Sunday, February 18, 2018


As I have stated in other posts, my Moultrie M-880 trailcam is missing. It was last seen in Custer State Park in the Badger Clark Road area in November 2017, an area subsequently burned by the Legion Lake Fire a month later.

Since the area is easier to get to than my Wind Cave site 9.5 miles away, I checked the Moultrie on Nov. 18 on a drive back from Denver. This is one of the last images it got:

Last image from Moultrie?

Earlier this month I spent quite a while digging through the snow trying to find it, to no avail. I will return when the snow is gone. Best case is I find it, it may or may not be functional, but the memory card is intact and I have some more images of the fire. Medium case is I find it but the memory card is useless. Worst case is some a-hole stole it.

That's one of the risks of putting out trailcams, and one which I haven't had to deal with at my location in Wind Cave NP, which was at the bottom of a fairly steep hill. In fact, one of the problems I had there more than once was ME finding the cameras. Last year when the Moultrie was still there, I had to move it to a smaller tree when the strap broke. Even though it was only maybe 25 yards away, I had trouble finding it the next time because I didn't mark the new location on GPS accurately. Despite the remote location, hikers showed up in the shots twice in seven years at that site. I think the location in Custer SP is much more susceptible to foot traffic so maybe some mouth breather found it before the fire.

My plan going forward is to always mark the exact location with GPS, take a picture of the camera on the tree, and take a picture of the camera's field of view. Lately I haven't been securing my cameras with locking cables except for the Reconyx, but I'll probably start doing that again. It will discourage casual thieves and prevent the camera from falling off the tree in a fire.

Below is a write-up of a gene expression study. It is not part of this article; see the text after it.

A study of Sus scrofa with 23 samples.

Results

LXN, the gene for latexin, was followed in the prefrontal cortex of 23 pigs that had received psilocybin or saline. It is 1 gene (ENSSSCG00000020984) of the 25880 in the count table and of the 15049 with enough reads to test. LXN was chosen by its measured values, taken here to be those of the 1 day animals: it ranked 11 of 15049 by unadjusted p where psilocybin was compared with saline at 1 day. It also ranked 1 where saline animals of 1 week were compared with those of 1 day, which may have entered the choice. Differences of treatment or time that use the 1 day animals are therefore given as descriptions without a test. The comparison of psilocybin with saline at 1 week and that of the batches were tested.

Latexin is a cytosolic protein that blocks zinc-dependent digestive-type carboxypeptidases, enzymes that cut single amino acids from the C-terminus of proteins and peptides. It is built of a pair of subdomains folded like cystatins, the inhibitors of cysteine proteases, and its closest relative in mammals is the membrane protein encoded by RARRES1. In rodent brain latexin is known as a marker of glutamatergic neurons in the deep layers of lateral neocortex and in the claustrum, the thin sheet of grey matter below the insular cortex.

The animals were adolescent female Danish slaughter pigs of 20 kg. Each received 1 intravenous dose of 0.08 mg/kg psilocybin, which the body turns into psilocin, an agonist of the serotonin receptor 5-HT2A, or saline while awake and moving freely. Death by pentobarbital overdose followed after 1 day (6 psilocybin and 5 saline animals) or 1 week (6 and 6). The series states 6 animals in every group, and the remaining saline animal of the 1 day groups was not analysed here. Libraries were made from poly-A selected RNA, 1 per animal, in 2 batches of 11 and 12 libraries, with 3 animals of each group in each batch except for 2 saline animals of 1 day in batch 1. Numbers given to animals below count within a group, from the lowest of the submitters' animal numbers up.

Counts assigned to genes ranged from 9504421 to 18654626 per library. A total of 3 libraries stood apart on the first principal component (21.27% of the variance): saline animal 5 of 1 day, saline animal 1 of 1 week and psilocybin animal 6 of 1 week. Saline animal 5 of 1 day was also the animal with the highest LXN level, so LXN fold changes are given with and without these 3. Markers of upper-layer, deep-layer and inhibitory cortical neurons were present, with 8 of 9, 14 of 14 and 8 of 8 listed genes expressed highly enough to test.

A word about Masterlock cable locks: My first one had a 3/16ths-inch cable. After being outside for a few years, the lock seized up and would not turn and I ended up breaking off the key in the lock. In about 20 minutes I was able to cut the cable with a Leatherman tool using the file and wire cutter. I then bought a thicker 5/16ths-inch Masterlock to secure the Reconyx. I was able to unlock it after the recent fire, but I couldn't pull the cable through the lock because the fire had charred and melted the insulation. After not making much progress cutting through the cable with the Leatherman and a small hacksaw, I whittled the charred insulation off the cable with a knife and was able to pull it through. So in my experience the thicker cable is much better. But some jerk with a bolt cutter would make short work of either. Update: Just bought a $12 bolt cutter with 18-inch handles. It didn't cut through the 5/16ths-inch cable on the first try. But I repositioned and popped it easily on the 2nd try. Like I said, it may discourage casual thieves.